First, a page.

The LCD board says "LCD:91-42959-B01" which does not pull up any relevant results with google.

I've tried my best to test it with a multimeter, but nothing seems to even be connected. I'm not sure how most simple LCDs work, so what can I do to try and get this to work (hopefully) without ruining it in the process?

Also, because this is a flat piece of glass, I do not believe there will be a command type of interface, because as far as I can tell, there is no actual logic connected to it. It's just 16 wires going into clear glass. Also on the breakout board they are bundled into 4 bundles with 4 wires each(with brown, orange, orange, yellow being the colors in each bundle). I have no idea if this matters, but I figured maybe it could help


When reverse engineering devices, it's best to gain as much information as possible from a still working unit with a logic analzyer. If you have two units, you can then keep one working while you clone the driver hardware/software for your new system.

If you are lucky, your LCD may be a chip-on-glass module with a driver chip built in. By sniffing the data transactions with this, it might be possible to guess at the device.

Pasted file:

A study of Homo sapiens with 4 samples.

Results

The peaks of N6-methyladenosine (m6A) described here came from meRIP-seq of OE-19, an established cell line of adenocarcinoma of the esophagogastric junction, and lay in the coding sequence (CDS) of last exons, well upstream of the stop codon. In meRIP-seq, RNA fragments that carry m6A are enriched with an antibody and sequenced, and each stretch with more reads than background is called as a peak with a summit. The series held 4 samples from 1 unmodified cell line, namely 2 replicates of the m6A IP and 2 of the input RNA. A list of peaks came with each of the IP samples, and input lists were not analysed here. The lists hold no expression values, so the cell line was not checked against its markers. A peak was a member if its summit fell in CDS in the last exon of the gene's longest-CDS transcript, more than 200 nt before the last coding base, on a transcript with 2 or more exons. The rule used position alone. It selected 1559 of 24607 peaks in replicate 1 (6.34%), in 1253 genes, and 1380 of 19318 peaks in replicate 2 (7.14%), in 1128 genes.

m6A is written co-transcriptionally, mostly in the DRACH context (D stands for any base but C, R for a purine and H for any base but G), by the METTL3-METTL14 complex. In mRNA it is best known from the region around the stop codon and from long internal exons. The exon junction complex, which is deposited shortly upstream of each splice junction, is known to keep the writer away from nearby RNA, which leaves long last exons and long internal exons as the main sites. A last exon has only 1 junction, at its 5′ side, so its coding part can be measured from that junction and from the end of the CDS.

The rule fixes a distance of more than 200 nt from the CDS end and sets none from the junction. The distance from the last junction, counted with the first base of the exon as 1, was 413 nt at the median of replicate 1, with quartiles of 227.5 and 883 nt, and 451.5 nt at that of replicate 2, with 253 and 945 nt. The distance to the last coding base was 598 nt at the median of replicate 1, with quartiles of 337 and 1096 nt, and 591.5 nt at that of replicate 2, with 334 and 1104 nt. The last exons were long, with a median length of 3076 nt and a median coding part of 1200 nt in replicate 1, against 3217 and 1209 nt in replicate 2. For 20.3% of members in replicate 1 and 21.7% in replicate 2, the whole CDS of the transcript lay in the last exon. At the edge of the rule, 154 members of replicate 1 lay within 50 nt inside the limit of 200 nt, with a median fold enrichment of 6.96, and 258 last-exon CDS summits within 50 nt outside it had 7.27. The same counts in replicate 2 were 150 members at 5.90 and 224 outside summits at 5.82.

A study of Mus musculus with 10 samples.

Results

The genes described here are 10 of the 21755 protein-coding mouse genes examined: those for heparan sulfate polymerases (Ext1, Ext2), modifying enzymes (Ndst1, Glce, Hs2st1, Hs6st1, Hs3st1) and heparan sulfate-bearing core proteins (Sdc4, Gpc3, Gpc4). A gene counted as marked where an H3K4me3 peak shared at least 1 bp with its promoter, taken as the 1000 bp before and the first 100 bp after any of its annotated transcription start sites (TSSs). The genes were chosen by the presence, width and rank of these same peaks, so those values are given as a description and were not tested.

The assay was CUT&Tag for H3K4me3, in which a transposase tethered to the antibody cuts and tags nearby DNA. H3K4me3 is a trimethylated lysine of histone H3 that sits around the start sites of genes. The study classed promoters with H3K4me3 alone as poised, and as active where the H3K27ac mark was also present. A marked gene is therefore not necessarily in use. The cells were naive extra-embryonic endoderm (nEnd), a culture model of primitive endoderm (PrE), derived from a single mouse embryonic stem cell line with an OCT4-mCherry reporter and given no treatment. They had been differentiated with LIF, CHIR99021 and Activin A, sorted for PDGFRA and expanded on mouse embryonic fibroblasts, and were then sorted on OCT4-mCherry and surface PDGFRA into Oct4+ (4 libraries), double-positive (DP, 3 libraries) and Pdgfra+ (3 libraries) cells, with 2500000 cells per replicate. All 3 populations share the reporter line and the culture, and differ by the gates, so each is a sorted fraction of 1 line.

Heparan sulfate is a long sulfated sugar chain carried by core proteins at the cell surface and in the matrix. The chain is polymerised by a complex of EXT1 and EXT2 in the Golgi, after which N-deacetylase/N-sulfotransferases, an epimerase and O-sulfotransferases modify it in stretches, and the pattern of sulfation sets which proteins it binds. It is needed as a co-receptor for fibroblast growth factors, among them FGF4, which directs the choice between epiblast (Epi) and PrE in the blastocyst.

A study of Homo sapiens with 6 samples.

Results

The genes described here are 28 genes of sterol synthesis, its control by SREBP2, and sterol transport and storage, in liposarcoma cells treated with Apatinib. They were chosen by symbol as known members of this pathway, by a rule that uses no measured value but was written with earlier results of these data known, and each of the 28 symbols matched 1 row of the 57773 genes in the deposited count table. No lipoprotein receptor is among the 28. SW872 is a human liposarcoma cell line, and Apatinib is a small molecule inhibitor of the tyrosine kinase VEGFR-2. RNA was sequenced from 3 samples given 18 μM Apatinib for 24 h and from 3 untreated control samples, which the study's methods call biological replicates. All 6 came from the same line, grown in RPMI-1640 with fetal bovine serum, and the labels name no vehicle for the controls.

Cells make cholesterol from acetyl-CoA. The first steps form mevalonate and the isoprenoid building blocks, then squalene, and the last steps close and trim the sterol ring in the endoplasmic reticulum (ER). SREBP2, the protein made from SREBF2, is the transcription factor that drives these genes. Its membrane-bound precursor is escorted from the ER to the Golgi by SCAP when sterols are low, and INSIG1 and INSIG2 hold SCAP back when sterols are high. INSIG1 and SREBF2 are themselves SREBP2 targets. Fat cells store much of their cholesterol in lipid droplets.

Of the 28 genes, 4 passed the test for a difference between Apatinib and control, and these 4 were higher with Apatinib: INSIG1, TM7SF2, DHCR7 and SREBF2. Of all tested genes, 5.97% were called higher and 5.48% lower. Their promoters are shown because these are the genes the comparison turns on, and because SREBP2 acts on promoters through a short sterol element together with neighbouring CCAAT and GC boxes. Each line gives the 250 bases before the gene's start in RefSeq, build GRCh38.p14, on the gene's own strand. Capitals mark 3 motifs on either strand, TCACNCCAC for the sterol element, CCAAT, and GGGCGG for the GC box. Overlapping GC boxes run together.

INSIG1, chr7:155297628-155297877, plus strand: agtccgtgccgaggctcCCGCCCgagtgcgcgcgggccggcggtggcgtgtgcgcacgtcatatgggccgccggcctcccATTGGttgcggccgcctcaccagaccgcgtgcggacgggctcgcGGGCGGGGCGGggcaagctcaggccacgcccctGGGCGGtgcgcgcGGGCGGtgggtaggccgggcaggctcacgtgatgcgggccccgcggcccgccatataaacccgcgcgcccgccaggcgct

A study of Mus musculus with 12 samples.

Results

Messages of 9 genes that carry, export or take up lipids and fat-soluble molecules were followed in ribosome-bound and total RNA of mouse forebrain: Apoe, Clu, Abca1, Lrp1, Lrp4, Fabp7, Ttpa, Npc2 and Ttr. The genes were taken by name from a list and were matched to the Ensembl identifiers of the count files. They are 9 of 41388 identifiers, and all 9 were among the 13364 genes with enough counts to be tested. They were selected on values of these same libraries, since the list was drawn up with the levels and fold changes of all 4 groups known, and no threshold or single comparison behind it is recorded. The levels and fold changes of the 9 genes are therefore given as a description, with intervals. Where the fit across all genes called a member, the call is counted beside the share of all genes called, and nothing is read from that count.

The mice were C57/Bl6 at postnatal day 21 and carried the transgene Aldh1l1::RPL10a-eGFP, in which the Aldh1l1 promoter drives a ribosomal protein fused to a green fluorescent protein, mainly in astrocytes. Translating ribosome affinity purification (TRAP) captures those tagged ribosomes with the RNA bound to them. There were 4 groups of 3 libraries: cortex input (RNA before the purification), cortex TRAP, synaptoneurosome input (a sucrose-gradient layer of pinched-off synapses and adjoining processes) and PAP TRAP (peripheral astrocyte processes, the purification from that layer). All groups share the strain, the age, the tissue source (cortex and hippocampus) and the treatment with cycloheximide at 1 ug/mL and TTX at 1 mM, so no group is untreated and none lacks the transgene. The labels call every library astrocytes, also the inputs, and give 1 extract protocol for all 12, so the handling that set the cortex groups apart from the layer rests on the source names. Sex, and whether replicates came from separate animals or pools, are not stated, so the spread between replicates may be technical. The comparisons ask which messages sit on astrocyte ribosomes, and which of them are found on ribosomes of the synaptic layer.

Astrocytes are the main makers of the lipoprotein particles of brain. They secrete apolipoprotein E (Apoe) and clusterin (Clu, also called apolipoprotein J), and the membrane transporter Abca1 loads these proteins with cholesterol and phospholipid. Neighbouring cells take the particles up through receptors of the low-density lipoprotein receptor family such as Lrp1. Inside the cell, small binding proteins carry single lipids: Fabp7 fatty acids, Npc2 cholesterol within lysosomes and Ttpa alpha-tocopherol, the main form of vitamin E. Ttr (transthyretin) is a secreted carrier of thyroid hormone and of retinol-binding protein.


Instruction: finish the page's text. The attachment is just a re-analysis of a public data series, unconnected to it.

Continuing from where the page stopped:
If the display is a dot matrix, it probably has a driver or controller. Without a working device to examine it in, I'd regard it as junk. If you had a working device, you could easily determine which pins are for power, and probing the other pins would let you see whether the waveforms look like those of a driver or controller, and what pins seem to be doing what. Without that, it might be possible to experiment with the device and figure things out, but if you guess wrong about things you could unknowingly damage the device, rendering further experimentation useless, and consequently waste a lot of time.